I’m thinking about trying to write shorter posts here, at least occasionally. We’ll see how it goes here. I’ve also been playing around with fixing the blog up a bit, using this painting on the left in my new header, it’s by Harold Knight, who’s best known for the painting on the cover of the Persephone Classics edition of Cheerful Weather for the Wedding. I really love that painting and finding more of his work just seemed to fit with my blog, especially since I am once again back into the early 20th century.
I’ve also been thinking about why I read and how to read and what to read and then how to write about what I read… venturing beyond only comfort reading, I see there is a whole world of challenging and enlightening reading available. Now I wish I was back at my old big city library, where Virago books were available right next to NYRB Classics and all kinds of literary criticism. At least my small town library has two books of Anne Fadiman’s and two Italo Calvinos, even if not Why Read the Classics? But I am busy making lists of what I do want to read and have a TBR page for the first time and someday I’ll have access to more books again. (In the meantime, I am trying to clear our paths of packed down snow that’s beginning to melt and then freeze again.)
Mrs. Dalloway is a difficult book to pin down. People assume that Virginia Woolf is a feminist writer, but she’s so much more than that. Going into her book with those assumptions, even for the second time, I felt a bit bewildered and out of place. She portrays the life, the visions, the thoughts in all of us. We see the good and bad sides of the characters, we see their thoughts and then other people’s thoughts about them as well. Despite the book’s title, Clarissa Dalloway is not the ‘heroine’ of the book in the way that Jane Austen’s women are, somewhat invulnerable to the real criticism she dishes out to the other characters, perhaps especially her introverts who seem to do no wrong, Elinor, Fanny and Anne. I know Austen’s heroines have flaws, but the books are their stories. They are the centre, the point, they are in some way the ones in the right while others must adjust to their truth (except perhaps her self-deluded characters like Emma and Catherine?). Can you read Pride & Prejudice outside of the perspective of Elizabeth? She has a strong interesting marriage plot, what does Mrs. Dalloway have, a party. Which she floats in and out of, not even a proper host of the book that takes her name.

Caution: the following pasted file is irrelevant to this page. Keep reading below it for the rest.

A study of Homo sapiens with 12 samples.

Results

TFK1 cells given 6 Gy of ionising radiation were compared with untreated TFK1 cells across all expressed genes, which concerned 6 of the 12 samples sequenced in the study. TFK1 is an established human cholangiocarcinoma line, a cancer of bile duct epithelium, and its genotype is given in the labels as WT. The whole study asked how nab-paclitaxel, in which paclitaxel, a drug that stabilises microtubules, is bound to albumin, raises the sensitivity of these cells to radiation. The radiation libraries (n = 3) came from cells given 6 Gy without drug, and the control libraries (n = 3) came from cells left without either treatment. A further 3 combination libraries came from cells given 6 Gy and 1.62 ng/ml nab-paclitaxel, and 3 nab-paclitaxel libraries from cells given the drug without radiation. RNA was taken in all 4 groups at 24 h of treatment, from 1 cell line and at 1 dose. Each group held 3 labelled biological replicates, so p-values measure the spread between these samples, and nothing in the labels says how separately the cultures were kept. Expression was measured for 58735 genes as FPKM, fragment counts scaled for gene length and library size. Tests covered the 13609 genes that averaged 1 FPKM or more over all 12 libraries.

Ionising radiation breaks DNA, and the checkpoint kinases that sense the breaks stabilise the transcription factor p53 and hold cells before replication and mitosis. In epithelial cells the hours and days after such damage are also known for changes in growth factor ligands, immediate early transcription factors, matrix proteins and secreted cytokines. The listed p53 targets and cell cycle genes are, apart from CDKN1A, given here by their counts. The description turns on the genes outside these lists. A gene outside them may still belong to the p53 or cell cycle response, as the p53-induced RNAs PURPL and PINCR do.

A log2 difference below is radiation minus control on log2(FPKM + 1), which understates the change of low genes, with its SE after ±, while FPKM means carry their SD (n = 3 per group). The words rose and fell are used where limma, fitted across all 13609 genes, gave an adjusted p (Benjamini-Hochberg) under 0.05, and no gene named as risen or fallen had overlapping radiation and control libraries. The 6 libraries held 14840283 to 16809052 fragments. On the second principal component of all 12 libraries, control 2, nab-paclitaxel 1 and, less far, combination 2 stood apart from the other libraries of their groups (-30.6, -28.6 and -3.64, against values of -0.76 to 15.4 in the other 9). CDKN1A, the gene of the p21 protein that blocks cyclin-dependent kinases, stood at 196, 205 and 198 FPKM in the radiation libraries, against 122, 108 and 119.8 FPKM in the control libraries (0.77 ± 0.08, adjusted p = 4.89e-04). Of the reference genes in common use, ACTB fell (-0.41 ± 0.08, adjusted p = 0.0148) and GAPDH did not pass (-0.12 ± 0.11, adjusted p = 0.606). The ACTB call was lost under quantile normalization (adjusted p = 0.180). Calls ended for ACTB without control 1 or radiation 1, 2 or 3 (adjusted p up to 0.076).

I like Mrs. Dalloway despite her lack of true heroine status, she may be old fashioned, conventional or even a snob, but thankfully she’s not feisty. She’s real. She’s older, she wonders if she’s too cold, she reads memoirs late in bed, she remembers a moment long in the past, passing a stone urn with flowers in it. Then there’s her old friend Peter Walsh, I don’t like him as much, especially the way he’s always playing with his pocket knife whenever he feels insecure around women, but there the story is off following him now. Woolf wanted to show that regular women were a worthwhile subject for fiction (I think — is this idea developed in her essay Mr. Bennet and Mrs. Brown?), but here’s Peter. There’s another sort of boring, sort of self justifying character who never really does much (he keeps a notebook full of phrases for the time when he’ll start to write, but he never does, just ends his time out reminiscing vaguely) like Peter, narrating the end of The Waves and that also annoyed me. Are these just my expectations that Woolf be more of a feminist author and only portray women? Or does she not write men well or sympathetically or maybe that’s the point, oh help. She certainly accurately portrays the uncomfortable prickly yet nostalgic relationship between a man and a woman, when both have hurt the other years ago, let them down, the self justifying that goes on inside both still.
Now it is late and this isn’t short. But I’m wanting something different with my blog, my reading. When I raise possibility controversial questions about books like yesterday, I feel awkward discussing these ideas without thinking them through enough first, I want to use the blog as a way to explore the sudden thought, but then I wonder if it gets mired in arguments that may miss the point of what I was originally wondering about. I’m just thinking as I write, I don’t have it all planned out beforehand. Maybe it gets muddled. This isn’t my job, just a hobby and yet if people come here, this is what they read, what they know of me. (Am I even using my time best to be blogging so often and at such length, along with lately very extended comments? Why am I blogging at all instead of working on a longer more personal writing project? For community, support in difficult reading, endless book recommendations, a sharing of exciting moments with books and how to understand them and life itself, mutual enlightenment? Or just wasted time spent on too much self promotion?)
Such are the visions which proffer great cornucopias full of fruit to the solitary traveller, or murmur in his ear like sirens lolloping away on the green sea waves, or are dashed in his face like bunches of roses, or rise to the surface like pale faces which fishermen flounder through floods to embrace.